In a contract, two or more people come together to make an exchange. You pay your plumber – I have a Jewish friend in Jerusalem who calls his plumber Messiah. Why? Because we await him daily, and he never turns up. So in a contract, you make an exchange, which is to the benefit of the self-interest of each. And so you have the commercial contract that creates the market and the social contract that creates the state.
A covenant isn’t like that. It’s more like a marriage than an exchange. In a covenant, two or more parties each respecting the dignity and integrity of the other come together in a bond of loyalty and trust to do together what neither can do alone. A covenant isn’t about me. It’s about us. A covenant isn’t about interests. It’s about identity. A covenant isn’t about me, the voter, or me, the consumer, but about all of us together. Or in that lovely key phrase of American politics, it’s about “we, the people.”
The market is about the creation and distribution of wealth. The state is about the creation and distribution of power. But a covenant is about neither wealth nor power, but about the bonds of belonging and of collective responsibility. And to put it as simply as I can, the social contract creates a state but the social covenant creates a society. That is the difference. They’re different things.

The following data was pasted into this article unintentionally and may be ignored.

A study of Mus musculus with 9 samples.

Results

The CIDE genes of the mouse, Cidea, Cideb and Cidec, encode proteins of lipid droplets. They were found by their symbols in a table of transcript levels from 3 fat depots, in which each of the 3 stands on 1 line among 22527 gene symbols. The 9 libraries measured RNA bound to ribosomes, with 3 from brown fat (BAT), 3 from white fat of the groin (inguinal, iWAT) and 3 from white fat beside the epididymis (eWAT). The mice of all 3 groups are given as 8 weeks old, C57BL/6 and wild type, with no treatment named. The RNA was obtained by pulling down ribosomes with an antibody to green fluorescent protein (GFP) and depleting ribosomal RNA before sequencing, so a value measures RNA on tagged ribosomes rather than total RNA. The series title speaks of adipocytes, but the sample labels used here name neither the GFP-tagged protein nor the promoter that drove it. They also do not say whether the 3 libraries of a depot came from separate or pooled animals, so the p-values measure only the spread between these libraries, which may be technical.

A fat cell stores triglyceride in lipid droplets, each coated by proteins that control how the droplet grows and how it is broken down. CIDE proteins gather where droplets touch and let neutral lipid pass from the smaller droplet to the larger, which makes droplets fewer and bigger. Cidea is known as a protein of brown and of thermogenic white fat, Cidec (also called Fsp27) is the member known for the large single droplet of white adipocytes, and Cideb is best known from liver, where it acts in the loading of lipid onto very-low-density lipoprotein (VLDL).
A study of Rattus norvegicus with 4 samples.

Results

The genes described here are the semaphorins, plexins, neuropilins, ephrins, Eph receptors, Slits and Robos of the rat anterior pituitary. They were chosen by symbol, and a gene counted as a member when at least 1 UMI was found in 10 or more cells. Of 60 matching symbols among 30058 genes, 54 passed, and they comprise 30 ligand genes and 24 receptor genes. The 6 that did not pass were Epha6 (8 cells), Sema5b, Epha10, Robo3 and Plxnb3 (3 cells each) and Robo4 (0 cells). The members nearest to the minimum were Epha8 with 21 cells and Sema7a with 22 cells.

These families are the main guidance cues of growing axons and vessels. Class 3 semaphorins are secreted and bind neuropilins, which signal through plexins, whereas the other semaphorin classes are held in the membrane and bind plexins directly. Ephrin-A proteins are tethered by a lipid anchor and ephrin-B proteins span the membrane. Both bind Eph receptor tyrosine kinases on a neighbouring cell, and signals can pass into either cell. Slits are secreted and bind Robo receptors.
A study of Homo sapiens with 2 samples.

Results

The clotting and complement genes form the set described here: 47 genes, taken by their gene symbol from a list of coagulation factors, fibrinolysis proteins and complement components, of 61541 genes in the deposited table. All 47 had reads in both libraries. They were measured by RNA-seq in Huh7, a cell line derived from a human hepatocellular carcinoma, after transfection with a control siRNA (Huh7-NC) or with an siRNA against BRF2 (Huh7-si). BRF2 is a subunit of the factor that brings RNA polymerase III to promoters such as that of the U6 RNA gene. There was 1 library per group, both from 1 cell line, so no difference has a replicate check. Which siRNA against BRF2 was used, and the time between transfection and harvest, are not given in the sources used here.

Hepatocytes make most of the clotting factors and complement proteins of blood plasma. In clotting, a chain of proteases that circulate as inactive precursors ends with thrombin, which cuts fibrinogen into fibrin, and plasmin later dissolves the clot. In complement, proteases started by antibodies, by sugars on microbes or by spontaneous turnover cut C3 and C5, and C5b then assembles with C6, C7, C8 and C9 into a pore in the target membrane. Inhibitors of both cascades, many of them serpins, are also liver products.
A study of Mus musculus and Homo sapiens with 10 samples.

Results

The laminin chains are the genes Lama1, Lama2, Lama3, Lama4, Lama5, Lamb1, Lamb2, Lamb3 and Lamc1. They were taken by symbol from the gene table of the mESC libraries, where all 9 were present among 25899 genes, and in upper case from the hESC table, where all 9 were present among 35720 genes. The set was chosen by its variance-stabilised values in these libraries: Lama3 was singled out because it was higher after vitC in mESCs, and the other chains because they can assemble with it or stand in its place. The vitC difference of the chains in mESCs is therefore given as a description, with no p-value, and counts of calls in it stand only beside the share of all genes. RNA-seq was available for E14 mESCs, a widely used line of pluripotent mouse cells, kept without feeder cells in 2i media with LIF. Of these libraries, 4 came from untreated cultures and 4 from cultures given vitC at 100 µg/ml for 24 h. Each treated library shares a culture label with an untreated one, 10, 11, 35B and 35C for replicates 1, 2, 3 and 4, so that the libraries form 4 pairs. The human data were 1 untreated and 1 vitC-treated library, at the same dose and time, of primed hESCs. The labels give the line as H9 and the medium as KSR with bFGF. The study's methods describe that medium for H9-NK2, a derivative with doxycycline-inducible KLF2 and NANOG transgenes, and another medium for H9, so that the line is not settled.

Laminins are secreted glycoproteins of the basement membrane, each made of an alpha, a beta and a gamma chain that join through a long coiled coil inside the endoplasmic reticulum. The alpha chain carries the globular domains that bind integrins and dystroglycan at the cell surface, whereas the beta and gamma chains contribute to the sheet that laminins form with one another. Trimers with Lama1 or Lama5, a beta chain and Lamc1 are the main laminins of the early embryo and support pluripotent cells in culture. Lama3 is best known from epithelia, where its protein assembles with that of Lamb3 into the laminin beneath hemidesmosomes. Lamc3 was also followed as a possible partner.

Biblical Israel had a society long before it had a state, before it even crossed the Jordan and enter the land, which explains why Jews were able to keep their identity for 2,000 years in exile and dispersion because although they’d lost their state, they still had their society. Although they’d lost their contract, they still had their covenant. And there is only one nation known to me that had the same dual founding as biblical Israel, and that is the United States of America which has its social covenant in the Declaration of Independence in 1776 and its social contract in the Constitution in 1787.
And the reason it did so is because the founders of this country had the Hebrew Bible engraved on their hearts. Covenant is central to the Mayflower Compact of 1620. It is central to the speech of John Winthrop aboard the Arbela in 1630. It is presupposed in the most famous line of the Declaration of Independence.
Listen to the sentence. See how odd it might sound to anyone but an American. “We hold these truths to be self-evident, that all men are created equal and endowed by their Creator with certain inalienable rights.” Those truths are anything but self-evident. They would have been unintelligible to Plato, to Aristotle, or to every hierarchical society the world has ever known. They are self-evident only to people, to Jews and Christians, who have internalized the Hebrew Bible. And that is what made G. K. Chesterton call America “a nation with the soul of a church.”